Summer Squash is one underrated vegetable. It only takes a couple of plants to supply a family with enough ripe squashes to last through summer, with plenty leftover at season end to freeze or save for fall and winter meals. Its mild flavor and soft texture make it an incredibly versatile food. Unlike winter squashes such as acorn or spaghetti, zucchini is a summer squash, with tender, edible skin. Best of all, it’s easy to grow and can be planted in gardens in every U.S. growing zone!
Zucchini plants produce a bountiful harvest throughout the summer months and sometimes into fall, especially in warmer climates. There are several varieties available, with different colors, shapes and sizes, and different harvest times. What’s left on the plant when frost time approaches can be frozen or dried for winter use.
Harvest plants when they’re approximately 7 or 8 inches long. They should be firm but not hard to the touch, with glossy skins. Wear gloves, as some varieties have prickly stems. Regular harvesting will promote continual production throughout the warm season.
Cut the fruit off at the stem with a sharp knife. Make sure to wash the squash well, to remove any traces of dirt from the soft skin, before readying it for cooking or storing.
You can prepare your dishes containing zucchini ahead of time, like soups, stews and casseroles, then freeze in individual serving sizes for quick re-heats of side dishes or entrees throughout winter. Or, you can prepare the squash cooked or uncooked, and freeze in the exact required quantity to be ready to thaw and add to future recipes.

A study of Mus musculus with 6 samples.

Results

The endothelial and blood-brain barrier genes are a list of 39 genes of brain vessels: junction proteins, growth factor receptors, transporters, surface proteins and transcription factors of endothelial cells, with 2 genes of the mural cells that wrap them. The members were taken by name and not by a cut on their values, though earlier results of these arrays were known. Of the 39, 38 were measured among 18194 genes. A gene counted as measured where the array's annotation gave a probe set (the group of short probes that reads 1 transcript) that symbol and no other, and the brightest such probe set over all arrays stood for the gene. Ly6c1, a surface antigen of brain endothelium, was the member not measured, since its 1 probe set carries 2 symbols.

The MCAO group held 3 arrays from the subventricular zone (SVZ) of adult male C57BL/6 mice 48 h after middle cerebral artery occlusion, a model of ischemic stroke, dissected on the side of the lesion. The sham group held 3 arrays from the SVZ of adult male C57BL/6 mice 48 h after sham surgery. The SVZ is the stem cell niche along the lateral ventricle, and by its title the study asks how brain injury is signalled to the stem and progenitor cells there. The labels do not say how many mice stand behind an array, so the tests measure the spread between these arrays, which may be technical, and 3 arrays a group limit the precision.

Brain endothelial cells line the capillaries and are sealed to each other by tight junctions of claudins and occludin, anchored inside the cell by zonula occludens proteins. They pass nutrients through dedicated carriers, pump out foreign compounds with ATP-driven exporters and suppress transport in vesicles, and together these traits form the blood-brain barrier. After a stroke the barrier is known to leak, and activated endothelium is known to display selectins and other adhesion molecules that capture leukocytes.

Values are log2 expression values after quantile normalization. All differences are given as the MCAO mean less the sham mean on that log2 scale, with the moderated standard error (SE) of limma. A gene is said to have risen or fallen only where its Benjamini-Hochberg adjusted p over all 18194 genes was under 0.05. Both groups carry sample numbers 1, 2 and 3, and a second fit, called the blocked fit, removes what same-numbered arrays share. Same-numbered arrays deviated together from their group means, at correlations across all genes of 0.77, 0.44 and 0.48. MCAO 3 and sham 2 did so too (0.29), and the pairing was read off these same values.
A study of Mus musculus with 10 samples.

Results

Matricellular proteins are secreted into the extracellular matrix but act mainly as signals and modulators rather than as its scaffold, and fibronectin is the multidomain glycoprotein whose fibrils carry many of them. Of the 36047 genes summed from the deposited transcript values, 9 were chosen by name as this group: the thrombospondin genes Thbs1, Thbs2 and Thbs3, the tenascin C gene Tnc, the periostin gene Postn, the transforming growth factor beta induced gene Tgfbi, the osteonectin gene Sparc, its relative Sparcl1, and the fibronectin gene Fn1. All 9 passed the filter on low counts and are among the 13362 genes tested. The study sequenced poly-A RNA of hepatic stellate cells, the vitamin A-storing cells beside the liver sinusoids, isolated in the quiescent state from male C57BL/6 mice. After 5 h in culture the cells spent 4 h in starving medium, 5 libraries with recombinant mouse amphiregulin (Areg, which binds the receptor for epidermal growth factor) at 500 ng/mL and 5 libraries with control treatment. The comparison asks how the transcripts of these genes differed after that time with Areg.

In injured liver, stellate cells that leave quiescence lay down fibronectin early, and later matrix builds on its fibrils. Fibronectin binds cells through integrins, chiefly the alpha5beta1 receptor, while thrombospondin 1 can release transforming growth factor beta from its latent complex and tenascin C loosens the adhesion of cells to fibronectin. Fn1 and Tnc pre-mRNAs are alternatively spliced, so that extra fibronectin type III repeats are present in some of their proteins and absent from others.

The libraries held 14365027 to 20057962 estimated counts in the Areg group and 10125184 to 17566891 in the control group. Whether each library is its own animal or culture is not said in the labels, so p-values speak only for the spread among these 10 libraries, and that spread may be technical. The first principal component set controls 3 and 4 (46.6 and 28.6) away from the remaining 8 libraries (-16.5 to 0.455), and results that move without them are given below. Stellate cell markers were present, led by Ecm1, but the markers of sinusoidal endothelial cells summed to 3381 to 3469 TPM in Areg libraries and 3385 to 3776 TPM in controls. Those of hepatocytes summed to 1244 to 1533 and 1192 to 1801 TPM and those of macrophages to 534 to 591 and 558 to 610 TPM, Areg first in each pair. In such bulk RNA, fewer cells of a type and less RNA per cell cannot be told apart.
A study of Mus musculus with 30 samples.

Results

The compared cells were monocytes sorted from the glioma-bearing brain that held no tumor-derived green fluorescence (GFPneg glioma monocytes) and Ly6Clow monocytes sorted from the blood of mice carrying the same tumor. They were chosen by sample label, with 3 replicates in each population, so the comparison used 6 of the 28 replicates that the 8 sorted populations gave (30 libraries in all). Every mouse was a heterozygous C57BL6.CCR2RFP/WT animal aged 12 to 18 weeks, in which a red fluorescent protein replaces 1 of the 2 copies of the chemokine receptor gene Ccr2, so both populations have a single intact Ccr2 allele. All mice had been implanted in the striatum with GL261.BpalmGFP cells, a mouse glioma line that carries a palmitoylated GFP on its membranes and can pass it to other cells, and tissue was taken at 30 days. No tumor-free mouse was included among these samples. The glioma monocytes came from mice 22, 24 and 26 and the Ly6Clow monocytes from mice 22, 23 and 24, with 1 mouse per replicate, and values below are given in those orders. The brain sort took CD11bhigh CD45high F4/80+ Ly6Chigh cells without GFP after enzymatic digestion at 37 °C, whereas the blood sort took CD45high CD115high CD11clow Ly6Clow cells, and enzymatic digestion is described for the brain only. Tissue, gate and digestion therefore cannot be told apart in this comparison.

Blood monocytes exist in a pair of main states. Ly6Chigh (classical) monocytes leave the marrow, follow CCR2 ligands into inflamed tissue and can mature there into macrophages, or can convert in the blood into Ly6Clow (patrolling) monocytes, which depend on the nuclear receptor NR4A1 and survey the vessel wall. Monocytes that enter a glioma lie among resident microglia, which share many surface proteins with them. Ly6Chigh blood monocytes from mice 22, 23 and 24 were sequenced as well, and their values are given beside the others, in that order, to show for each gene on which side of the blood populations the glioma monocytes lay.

Freezing zucchini couldn’t be simpler. There are many ways to do it, but the easiest is just to poke with a fork and then blanch or cook in a microwave for a minute to remove some of the moisture content, which prevents it from becoming mushy when frozen. Uncooked or blanched zucchini can be shredded, diced, cut into strips or sliced into rings for freezing and later use. Freeze in freezer bags, plastic containers or vacuum-sealed packets.
For some dishes, it’s preferred to remove the skin before freezing, like for deep frying. The breading sticks better to the flesh than the skin. However, the skin is where much of the nutrient content is, and if your vegetables will be mixed into other dishes, the skin also adds color.
Traditional canning works well with zucchini. It can be canned alone, either in chunks or pureed, or it can be combined with other ingredients to make zucchini marmalade, and tomato or mixed vegetable relishes. It adds the perfect background flavor to onions and bell peppers. For canning, many cooks prefer to remove the seeds, for a smoother, creamier consistency when cooked.
Zucchini is a staple in many ethnic cuisines, like Mexican and Korean soups that are served as entire mealsor parmesan-topped Italian casseroles. Combine squash with wheat flour, cinnamon and nutmeg and you can bake one of the world's most popular dessert breads. Tiny diced squash can be turned into a sweet compote, or canned with pineapple juice to make a sweet treat, or preserved like traditional dill pickle spears.
Squash can be dried in a food dehydrator for later rehydration in cooking. Zucchini cut into thin slices can be dried then lightly salted, and make excellent chips to serve with dips.
Zucchini is one of nature’s finest offerings for a healthy diet. It is fat-free, low in calories and high in fiber, Vitamin C and potassium. There are countless ways to make your squash harvest last throughout the cold, blustery months, without a single, boring meal!